Real-time telerehabilitation for the treatment of musculoskeletal conditions is effective and comparable to standard practice

Real-time telerehabilitation for the treatment of musculoskeletal conditions is effective and comparable to standard practice

This study evaluated the effectiveness of treatment delivered via real-time telerehabilitation for the management of musculoskeletal conditions, and determined if real-time telerehabilitation is comparable to conventional methods of delivery within this population.

Two reviewers screened 5913 abstracts in six databases (Medline, Embase, Cochrane CENTRAL, PEDro, psycINFO, CINAHL) from inception to November 2015 for literature which reported on the outcomes of real-time telerehabilitation for musculoskeletal conditions. A total of 13 studies (n = 1520) met the eligibility criteria. Methodological quality was assessed using the Downs & Black ‘Checklist for Measuring Quality’ tool. Results were pooled for meta-analysis based upon primary outcome measures and reported as standardised mean differences and 95% confidence intervals (CI).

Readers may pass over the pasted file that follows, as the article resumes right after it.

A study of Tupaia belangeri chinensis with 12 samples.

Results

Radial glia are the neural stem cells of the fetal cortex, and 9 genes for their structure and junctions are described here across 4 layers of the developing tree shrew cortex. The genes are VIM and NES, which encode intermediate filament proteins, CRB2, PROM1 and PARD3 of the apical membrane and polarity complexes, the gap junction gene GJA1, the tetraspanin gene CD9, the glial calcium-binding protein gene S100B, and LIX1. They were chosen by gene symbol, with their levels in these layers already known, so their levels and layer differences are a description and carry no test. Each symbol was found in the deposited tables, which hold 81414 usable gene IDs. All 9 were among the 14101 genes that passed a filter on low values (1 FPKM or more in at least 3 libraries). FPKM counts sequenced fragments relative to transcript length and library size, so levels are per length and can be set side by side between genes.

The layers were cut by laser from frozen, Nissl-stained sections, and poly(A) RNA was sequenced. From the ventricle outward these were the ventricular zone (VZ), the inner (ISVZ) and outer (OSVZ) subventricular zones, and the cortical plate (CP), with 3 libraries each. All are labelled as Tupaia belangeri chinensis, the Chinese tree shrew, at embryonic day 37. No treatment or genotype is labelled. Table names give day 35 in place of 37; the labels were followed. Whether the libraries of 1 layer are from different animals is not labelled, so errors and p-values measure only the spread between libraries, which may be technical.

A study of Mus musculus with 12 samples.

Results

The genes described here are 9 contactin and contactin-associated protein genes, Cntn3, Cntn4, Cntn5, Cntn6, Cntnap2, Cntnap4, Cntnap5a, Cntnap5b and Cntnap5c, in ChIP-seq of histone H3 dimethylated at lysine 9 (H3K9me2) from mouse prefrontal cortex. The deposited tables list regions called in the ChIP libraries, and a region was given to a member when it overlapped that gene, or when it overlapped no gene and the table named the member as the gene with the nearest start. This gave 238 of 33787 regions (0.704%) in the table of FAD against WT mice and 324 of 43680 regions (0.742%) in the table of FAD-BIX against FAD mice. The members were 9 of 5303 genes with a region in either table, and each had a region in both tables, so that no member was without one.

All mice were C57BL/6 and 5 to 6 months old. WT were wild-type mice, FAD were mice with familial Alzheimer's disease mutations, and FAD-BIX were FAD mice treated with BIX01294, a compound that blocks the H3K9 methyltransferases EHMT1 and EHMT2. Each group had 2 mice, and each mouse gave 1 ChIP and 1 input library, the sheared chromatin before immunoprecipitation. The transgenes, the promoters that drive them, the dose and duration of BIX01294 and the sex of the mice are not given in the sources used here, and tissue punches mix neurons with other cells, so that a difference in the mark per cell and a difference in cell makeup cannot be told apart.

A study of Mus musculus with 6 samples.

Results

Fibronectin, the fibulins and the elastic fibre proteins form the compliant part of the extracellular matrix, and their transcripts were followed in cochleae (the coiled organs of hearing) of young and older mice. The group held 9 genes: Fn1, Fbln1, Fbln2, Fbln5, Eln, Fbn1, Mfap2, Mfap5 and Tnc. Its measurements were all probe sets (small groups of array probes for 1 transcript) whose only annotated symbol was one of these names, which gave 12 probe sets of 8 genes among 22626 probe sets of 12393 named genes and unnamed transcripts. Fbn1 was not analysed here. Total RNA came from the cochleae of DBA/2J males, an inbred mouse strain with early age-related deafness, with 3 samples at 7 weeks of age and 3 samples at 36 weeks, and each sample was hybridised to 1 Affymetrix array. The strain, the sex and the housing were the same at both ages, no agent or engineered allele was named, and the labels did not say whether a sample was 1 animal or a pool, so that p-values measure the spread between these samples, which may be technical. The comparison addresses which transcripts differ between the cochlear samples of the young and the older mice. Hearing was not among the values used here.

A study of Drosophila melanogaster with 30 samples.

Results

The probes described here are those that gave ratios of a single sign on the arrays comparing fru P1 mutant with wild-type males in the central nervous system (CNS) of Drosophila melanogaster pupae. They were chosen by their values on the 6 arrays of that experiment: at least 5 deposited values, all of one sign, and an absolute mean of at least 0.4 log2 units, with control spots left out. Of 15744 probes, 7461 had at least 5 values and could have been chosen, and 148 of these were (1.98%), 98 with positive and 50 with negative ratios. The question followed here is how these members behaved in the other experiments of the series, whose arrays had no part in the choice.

Aggregate results suggest that telerehabilitation is effective in the improvement of physical function (SMD 1.63, 95%CI 0.92-2.33, I2=93%), whilst being slightly more favourable (SMD 0.44, 95%CI 0.19-0.69, I2=58%) than the control cohort following intervention. Sub-group analyses reveals that telerehabilitation in addition to usual care is more favourable (SMD 0.64, 95%CI 0.43-0.85, I2=10%) than usual care alone, whilst treatment delivered solely via telerehabilitation is equivalent to face-to-face intervention (SMD MD 0.14, 95% CI -0.10-0.37, I2 = 0%) for the improvement of physical function. The improvement of pain was also seen to be comparable between cohorts (SMD 0.66, 95%CI -0.27-1.60, I2=96%) following intervention.

Real-time telerehabilitation appears to be effective and comparable to conventional methods of healthcare delivery for the improvement of physical function and pain in a variety of musculoskeletal conditions.

Monica TanakaResearch article posted by: Monica Tanaka

Monica is our Physiospot Editor. She is a trained journalist with a keen interest in the physiotherapy profession. As Physiospot Editor, Monica explores stories and physiotherapy news for us with fresh eyes. She is a science and health communicator with experience implementing strategic communications in the not-for-profit, academic, and public sectors. Thanks to physiotherapists, Monica has kept up her love of cross-country skiing and cycling over the years.